Wednesday, March 8, 2017

Prepare your quilt for binding

I am actually one of those people who likes the process of hand-stitching the binding to the quilt.  It is relaxing to sit in my comfy chair with the finished quilt top draped across my legs.

For today's post, I thought I'd share a couple of things I do to prepare my larger quilts before attaching the binding to ensure great results.

Finish the edges of the quilt

I send many of my larger quilts to my LAQ and pay just a little bit more to have her square off the quilt and to serge the edges.  This nice neat finish provides a great foundation for the binding itself.


Labeling your quilt is important.  My go to label is a triangle made by folding a square of fabric in half.  Before sewing on my binding, I attach two of the three sides to a corner of the quilt.  The third side (the fold) is sewn down by hand.  (See my post on labels.)

Press then seam

I cut my bindings at 2 1/4'' which gives me a narrow binding on the front and just enough to cover the serged edge on the back.  I always press my bindings in half before attaching and found it cumbersome to bring a long binding to the ironing board.  For one thing, the binding ended up on the ground and collected dust and threads from my floor.

Now I press each WOF strip individually.  Once the strips are joined, I come back with a quick press just on the join points.

How do you prep your quilts for binding?

I'll be linking with Tips & Tutorials Tuesdays.

Have a wonderful day! Patty


  1. Thanks for the tips, Patty! First, much as I LOVE my LAQ, I don't trust trimming to anyone but myself (I had a bad experience with a different LAQ). Because I don't have to worry about covering the serger stitching, I cut my bindings at 2" (1-7/8" if it's something I REALLY care about). Will definitely try pressing the strips separately, though; I, too, get dust and threads when connected binding hits the floor.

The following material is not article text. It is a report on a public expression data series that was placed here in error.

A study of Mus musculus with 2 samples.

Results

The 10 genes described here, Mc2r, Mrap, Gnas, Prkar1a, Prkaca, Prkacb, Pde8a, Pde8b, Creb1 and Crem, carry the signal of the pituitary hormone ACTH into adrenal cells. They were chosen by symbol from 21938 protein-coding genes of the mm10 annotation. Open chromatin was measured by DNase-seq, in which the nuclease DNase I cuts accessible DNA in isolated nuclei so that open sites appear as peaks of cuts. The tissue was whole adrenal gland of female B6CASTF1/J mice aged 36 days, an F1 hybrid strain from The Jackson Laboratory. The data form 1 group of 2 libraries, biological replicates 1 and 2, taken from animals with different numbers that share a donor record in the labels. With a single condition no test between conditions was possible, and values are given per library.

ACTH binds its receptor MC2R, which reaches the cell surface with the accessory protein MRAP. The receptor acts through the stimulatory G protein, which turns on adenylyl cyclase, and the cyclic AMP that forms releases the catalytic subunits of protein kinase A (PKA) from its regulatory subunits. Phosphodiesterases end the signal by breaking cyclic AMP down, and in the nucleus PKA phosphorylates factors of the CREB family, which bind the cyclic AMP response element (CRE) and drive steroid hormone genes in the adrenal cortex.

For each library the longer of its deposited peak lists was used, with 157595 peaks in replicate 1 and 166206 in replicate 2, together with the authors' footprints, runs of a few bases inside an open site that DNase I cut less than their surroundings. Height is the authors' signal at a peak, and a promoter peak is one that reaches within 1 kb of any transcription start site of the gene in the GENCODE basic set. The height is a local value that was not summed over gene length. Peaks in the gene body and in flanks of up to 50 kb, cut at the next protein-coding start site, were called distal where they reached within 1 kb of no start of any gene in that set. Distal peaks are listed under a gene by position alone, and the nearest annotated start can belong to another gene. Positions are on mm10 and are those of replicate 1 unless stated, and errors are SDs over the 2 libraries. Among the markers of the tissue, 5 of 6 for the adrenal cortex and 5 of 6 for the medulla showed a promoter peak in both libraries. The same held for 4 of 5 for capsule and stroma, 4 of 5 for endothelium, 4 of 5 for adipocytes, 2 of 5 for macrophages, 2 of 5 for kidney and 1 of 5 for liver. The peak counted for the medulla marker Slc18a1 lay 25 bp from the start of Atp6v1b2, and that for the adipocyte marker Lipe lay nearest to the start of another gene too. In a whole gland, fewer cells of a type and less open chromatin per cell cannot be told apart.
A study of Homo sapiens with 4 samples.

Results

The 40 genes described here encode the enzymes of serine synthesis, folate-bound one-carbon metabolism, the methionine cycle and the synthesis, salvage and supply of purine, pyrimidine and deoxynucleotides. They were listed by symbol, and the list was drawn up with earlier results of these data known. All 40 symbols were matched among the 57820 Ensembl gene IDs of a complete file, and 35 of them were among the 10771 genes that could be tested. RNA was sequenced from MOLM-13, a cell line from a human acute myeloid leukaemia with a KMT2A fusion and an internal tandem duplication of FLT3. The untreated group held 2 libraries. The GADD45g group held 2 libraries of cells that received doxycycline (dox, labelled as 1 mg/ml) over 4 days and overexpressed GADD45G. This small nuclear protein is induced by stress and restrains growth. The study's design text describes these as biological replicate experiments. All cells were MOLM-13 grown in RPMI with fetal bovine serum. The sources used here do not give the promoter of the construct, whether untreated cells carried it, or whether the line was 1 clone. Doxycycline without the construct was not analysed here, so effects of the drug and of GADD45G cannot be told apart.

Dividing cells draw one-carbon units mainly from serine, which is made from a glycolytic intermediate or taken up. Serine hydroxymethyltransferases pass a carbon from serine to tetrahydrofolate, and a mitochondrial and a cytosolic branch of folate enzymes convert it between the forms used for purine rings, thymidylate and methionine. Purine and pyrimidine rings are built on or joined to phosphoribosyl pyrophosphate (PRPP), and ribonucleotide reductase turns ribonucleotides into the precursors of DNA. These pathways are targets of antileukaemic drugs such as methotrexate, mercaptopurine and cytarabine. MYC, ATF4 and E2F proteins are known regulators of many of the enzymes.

1. I use a bucket for my not-yet-pressed binding, and then as it gets pressed, I roll it up, sitting on the ironing board. That means it never hits the floor!

  2. As a fairly new quilter, I have always pressed my binding strips separate. That way I am sure I have them right when piecing them together.

  3. I like to also press my binding after it is sewn down to the quilt top. I find that this makes folding it over to the back for hand binding much easier and it is a quick way to evaluate if I have kept a consistent seam allowance all around the quilt.

  4. Love the idea of pressing the strips separately, thanks for sharing.

  5. Great tip about finishing the quilt edge before binding! I will definitely be trying that!

  6. I use the 2 1/4" measurement too, just the right amount for front and back! I haven't tried pressing the strips separately I just do the whole thing at once but one thing I do make sure to do is mock the placement of the binding on the quilt before sewing it down to make sure none of the joins hit the corners.

  7. Very smart Patty. I will now press each binding strip separately! I sew around my quilts at about 1/8" seam. Serging is a good idea. Maybe I should get mine out.

  8. On my last quilt I finished the edge before binding but I found that it squashed it down a little too much, I like how neat it was (no extra threads), but then the batting doesn't 'fill' the binding out...maybe a 2" binding would fix that. Thank you for the label tip, I use two triangles for small wall hangings, but never thought of it for a label. Great post!

  9. Thanks for the tips. I never thought of ironing the strips before sewing them together. That would make a few things a bit easier.

  10. Thanks for the tips. I machine sew mine because I don't have the patience to hand sew LOL

  11. When using solid fabric for binding or one that looks the same on both sides, I find it useful to press the binding fold in before seaming as well. That way I do not sew something into a twist and have to undo. (ooopps! seam sewn on wrong side of fabric!) When I cut my fabric strips from my larger piece, I always use the cutter and ruler to get the selvage off the piece I'm sewing. I may end up with a very long selvage piece, useful for tying things up. This way I never have to worry if there is a selvage going to show or shrink in my projects.

  12. I have only old sewing machines and no serger. Do you think stay-stitching around the quilt edge would perform a similar purpose? Thanks.